How the Green Homes Grant scheme failed
Victoria Brocklesby, COO at Origin, discusses the Green Homes Grant scheme and how it didn’t match up to expectations.
The UK government formally recognised that the nation must do more to combat climate change when it set itself the ambitious targets of achieving net-zero emissions by 2050.
However, drastic action must be taken to meet these targets. One area identified where significant savings could be made was by upgrading our homes to be more energy efficient, but making these upgrades can be a costly affair.
To incentivise more homeowners and landlords to do so, the government announced a revolutionary new initiative in September 2020 called the Green Homes Grant scheme, where the government would supplement the cost of essential energy-saving upgrades through a voucher scheme that would cover a proportion or, in some cases, all of the cost.
Not only would the initiative make our homes more energy efficient, which would reduce our carbon footprint, but homeowners could save on their energy bills too. If that wasn’t enough, it was also hoped that the scheme would generate more jobs within an industry that has struggled during the pandemic. However, despite the theory being on point, the execution was severely lacking, and the scheme was consequently scrapped a year ahead of schedule.
One of the biggest issues with the scheme was the sheer lack of information available, not just for homeowners, but also for industry professionals expected to deliver the work.
Not only this, but the scheme itself was overly convoluted and meant homeowners often couldn’t apply for the work they wanted. For example, the initiative outlined two distinct categories, classed as primary and secondary measures. It is the secondary measures which related to the fenestration industry.
However, for a homeowner to qualify for a secondary measure, such as upgrading to energy efficient doors and windows, they would first have to apply for at least one primary measure, which included solid wall insulation or putting in a biomass boiler.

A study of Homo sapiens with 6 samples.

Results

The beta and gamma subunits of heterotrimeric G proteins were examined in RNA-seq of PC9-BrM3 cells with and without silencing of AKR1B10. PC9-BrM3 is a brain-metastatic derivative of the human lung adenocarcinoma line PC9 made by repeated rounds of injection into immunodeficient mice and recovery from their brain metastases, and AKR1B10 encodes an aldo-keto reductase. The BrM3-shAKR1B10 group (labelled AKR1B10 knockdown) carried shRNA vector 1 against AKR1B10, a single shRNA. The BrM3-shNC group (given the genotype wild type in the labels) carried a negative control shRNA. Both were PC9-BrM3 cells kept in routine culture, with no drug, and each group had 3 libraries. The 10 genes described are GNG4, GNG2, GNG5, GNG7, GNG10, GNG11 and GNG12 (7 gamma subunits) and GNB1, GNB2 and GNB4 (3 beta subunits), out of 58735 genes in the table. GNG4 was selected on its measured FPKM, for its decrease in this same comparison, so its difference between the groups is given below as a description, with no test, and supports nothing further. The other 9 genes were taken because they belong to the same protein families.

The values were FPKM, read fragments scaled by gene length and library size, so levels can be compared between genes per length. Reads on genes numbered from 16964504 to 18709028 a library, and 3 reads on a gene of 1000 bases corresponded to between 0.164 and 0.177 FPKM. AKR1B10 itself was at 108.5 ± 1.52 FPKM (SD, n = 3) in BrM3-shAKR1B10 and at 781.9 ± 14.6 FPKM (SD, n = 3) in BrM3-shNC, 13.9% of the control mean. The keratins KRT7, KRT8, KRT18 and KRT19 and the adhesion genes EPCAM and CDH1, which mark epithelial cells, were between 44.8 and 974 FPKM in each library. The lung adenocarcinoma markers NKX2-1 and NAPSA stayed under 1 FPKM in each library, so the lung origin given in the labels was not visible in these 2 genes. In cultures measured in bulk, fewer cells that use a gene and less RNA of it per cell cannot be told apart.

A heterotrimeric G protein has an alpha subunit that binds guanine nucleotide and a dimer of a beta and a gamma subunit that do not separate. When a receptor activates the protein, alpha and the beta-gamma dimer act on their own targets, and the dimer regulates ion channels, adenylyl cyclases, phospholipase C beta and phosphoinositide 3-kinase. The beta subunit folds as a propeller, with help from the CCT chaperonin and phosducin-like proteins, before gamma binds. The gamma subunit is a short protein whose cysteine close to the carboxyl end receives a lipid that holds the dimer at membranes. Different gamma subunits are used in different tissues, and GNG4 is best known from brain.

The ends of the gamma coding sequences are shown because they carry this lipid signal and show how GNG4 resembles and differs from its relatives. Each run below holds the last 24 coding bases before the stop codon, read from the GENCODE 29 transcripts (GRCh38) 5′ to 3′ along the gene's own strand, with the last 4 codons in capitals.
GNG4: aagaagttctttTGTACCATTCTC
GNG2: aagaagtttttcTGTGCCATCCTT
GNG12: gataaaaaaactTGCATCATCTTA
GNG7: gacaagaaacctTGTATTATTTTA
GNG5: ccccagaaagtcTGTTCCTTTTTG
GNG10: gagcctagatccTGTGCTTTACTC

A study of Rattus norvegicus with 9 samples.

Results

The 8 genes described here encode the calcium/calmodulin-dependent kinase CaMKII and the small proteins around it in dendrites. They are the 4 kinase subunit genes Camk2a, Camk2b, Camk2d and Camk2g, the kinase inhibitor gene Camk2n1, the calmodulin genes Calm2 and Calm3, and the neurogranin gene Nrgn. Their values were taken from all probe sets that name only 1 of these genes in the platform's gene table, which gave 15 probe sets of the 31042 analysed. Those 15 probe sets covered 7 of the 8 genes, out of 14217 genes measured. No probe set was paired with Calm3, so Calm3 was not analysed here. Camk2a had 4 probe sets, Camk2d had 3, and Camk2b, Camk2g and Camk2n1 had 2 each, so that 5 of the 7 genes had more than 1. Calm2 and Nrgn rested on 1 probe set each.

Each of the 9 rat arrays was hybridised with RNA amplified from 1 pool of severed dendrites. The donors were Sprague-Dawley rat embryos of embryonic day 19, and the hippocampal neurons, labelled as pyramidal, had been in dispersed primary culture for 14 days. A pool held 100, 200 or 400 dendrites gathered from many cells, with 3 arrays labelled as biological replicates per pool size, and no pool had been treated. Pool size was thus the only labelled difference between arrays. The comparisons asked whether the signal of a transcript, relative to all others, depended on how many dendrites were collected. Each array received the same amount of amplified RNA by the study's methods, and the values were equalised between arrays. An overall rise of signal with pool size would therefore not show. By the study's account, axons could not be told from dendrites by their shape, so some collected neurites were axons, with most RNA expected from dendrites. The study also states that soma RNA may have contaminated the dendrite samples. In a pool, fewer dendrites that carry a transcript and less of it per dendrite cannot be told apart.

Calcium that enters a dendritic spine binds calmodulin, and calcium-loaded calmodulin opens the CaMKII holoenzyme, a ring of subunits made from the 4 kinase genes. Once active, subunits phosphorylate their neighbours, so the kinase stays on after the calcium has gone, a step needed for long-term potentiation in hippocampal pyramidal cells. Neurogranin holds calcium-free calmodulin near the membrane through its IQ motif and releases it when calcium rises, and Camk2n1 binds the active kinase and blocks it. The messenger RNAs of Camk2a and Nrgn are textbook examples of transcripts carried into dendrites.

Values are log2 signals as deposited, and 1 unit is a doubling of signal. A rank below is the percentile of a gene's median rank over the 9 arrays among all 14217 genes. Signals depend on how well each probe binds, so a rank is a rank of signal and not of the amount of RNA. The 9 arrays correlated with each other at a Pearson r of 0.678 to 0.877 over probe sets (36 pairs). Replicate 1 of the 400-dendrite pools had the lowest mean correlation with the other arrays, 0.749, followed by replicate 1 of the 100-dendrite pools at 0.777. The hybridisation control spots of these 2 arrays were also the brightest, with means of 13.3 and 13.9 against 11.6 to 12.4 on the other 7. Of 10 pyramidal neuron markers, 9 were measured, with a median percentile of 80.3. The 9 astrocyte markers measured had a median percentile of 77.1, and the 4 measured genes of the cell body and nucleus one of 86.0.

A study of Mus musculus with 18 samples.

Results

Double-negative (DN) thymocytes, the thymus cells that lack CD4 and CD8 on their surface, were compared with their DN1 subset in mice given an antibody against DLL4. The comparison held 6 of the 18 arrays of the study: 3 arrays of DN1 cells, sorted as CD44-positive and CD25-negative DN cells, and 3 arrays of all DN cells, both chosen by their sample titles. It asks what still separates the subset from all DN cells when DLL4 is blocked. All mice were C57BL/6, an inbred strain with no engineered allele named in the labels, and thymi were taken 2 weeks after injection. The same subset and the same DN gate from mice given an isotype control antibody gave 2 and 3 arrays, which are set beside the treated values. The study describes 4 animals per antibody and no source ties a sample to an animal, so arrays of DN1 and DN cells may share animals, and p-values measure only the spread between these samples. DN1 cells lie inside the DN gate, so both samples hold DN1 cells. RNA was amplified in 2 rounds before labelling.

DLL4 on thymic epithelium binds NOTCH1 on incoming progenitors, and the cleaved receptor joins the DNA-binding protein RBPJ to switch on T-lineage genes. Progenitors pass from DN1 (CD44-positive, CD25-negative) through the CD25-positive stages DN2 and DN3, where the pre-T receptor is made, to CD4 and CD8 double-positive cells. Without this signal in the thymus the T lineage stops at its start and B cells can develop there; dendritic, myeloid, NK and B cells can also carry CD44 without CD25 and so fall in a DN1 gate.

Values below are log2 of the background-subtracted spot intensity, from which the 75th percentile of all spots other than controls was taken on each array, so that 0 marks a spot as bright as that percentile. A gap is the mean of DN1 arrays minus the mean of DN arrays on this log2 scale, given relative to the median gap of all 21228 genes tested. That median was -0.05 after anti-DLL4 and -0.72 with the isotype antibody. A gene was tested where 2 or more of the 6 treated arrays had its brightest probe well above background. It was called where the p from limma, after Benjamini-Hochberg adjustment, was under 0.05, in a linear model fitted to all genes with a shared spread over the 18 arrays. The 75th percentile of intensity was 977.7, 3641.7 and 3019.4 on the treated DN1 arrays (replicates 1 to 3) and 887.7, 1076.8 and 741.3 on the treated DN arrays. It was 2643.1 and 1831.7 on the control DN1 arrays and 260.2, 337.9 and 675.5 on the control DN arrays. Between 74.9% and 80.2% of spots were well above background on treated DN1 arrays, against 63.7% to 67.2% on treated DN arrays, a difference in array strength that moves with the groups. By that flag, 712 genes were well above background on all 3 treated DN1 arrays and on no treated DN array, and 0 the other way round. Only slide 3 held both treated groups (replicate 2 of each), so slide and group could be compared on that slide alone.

So, any initial excitement those of us working in the fenestration industry had about the government’s new scheme was quickly snubbed out once it became clear that homeowners would need to apply for at least one primary measure before they could even think about upgrading their doors or windows.
Installation was another glaring problem: only tradespeople registered with either the TrustMark or Microgeneration Certification Scheme accreditations were eligible to claim for the vouchers to supplement the cost from the government. So, once a homeowner had decided to carry out work to upgrade their home, they needed to search for an accredited tradesperson.
However, achieving these accreditations, on top of those that they might have already, is a time-consuming process, and with demand for work under the initiative being limited, many tradespeople didn’t bother registering. This made it difficult for homeowners to find accredited tradespeople to carry out the work and turned many off the idea completely.
We saw proof of this at Origin. When the scheme was initially announced, we witnessed a significant spike in web traffic with people searching to improve their homes. But once more information on the scheme was available, and it was clear it would be difficult for homeowners to upgrade their doors and windows, this dropped off quickly, and minimal enquiries were made in connection with the scheme.
On paper, the Green Homes Grant scheme was set to revolutionise our homes and build an energy-efficient future for the UK. Had the initiative been easy to execute, I believe this could have been delivered. However, the over complicated nature of the scheme meant this was simply not possible.
I’m really not surprised it was cut short.